Just wonderin if anyone keeps any now.
I dont have any yet but I am planning on getting some as soon as I do some research
I've got some. Theyre pretty birds, make interesting sounds too. From 1 pair, I got about 100 eggs from march-beginning of August with about 90% hatch rate. If you get some, be prepared to figure out a solution for feed waste. My quail and pheasant waste nearly 0 food, but the chukars scratch at the food a WHOLE lot and cause mass loss if you dont elevate the feeders.
I found one today in a field. It looked kind of traumatized and let me pick it up, although I don't see anything visibly wrong with it. I brought it home and put it in a cage with some newspaper and alfalfa hay, gave it some water and some chicken scratch feed, then put it to bed with the lights out and a towel over the cage.
If it lives through the night, I will need to figure out what to feed it.
From reading around here, I gather not to put it with the chickens since I don't want to put them at any risk whatsover.
Our state isn't one of it's habitats so I imagine it can't live outside all winter.
We'll see what happens. .... I guess I better read and educate myself ...
As chukars are considered gamebirds (in my state anyway) you might want to check and see if a permit is required in your state to have them.
Good idea. I don't think they are. They don't live here and the state doesn't release them for hunting.
I think its like if you find one of those hapless white doves they raise to release at events.
But I will check. Thanks again.
That was interesting. They haven't been stocked here since 1973, no sighting since 1983, but there are daily and seasonal bag limits, season opened this weekend.
It says may not be in posessoin of any wild birds OTHER THAN gamebirds and further states a permit is required to have MORE THAN ONE for breeding or artificial propagation.
So I think ones ok.
I live in Virginia, and no Chukars live here in the wild as Natives. It is required to have a permit to possess, sell, and propogate them from the Department of Game. One other note too, It is illegal to have in possession any wild caught bird or animal. For example, you can't go outside and catch a cottontail rabbit or even Chukar in that case and keep it as a pet. If you acquire these animals from a breeder ( they are captive bred animals), it is legal to posses them.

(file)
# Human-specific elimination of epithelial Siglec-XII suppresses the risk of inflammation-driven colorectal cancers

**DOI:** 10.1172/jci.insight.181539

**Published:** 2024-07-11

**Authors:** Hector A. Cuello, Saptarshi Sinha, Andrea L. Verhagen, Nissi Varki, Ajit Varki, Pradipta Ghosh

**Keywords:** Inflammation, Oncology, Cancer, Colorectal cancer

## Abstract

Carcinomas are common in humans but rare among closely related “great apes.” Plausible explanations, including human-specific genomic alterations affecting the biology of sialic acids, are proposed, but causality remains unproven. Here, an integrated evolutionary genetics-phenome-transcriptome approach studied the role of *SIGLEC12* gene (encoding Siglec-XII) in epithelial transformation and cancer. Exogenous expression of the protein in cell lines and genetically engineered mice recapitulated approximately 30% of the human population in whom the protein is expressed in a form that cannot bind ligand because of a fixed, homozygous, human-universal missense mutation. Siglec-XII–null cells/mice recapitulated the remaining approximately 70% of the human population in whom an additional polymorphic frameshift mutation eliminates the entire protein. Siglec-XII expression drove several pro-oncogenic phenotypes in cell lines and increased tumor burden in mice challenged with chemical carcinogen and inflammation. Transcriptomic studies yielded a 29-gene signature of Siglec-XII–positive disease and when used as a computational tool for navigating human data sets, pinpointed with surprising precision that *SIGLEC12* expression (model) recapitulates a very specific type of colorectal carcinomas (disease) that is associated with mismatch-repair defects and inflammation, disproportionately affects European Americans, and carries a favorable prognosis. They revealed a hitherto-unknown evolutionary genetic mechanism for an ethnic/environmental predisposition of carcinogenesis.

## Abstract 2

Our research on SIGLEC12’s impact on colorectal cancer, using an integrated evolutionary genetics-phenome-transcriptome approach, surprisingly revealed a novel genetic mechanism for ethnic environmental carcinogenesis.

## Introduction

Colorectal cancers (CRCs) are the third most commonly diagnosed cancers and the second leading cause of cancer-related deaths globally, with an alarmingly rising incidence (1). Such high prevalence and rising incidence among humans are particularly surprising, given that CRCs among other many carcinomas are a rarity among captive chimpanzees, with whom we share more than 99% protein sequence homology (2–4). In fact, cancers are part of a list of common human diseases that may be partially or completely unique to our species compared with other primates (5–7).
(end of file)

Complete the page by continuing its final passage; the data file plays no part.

.Bummer Yall have some of the toughest game laws in the country drowe005. On shipping and everything. I wonder which states have wild chukars in any numbers. Are those mountains in your avatar? I always thought they were cool. I have never kept mountains or the mearns quail. But getting back to chukars.I kept about 15 red legs and 4 white chukars on the ground in a 8x14 ft pen for 2 years but that was 6 years ago. They were fun and easy for me. I know alot of people that prefer to keep them off the ground on wire.But if they started dying on me I figured I'd eat the rest. But I did eat a couple of them early on just to see what they tasted like but to me they were just okay.I like bobwhites better. They were more fun as pets. They all got along in the same pen and didnt fight even when they started layed eggs the first year.
In regards to Virgina, its a commonwealth and thats all I can say about that. We surely do have some stupid laws here, alot of which are very outdated, but there are worse places.
Yep, those are Mountains in the avatar. Its my first year with them; had them hatch in June. Supposedly its really hard to get them to learn to eat and drink when they hatch since their parents feed them for the first week or so, but I just hatched a few Chukars with them and the Chukars taught them everything they needed to know and I fdidnt lose any to not eating or drinking. So Id say I had a good success rate for the first go at them. I really enjoy them, and are very friendly and tame birds; they'll come right up to the pen door and eat out my hand, and even let you rub on their chests. I know the west coast has pretty significant numbers of Chukars in the wild, such as California, Nevada, Utah, etc. Apparently they used to be common throughout most of the US in the early 1900's, but after WWII with all the new and crazy amounts of chemicals used on farms at that time, that killed out a whole bunch of them.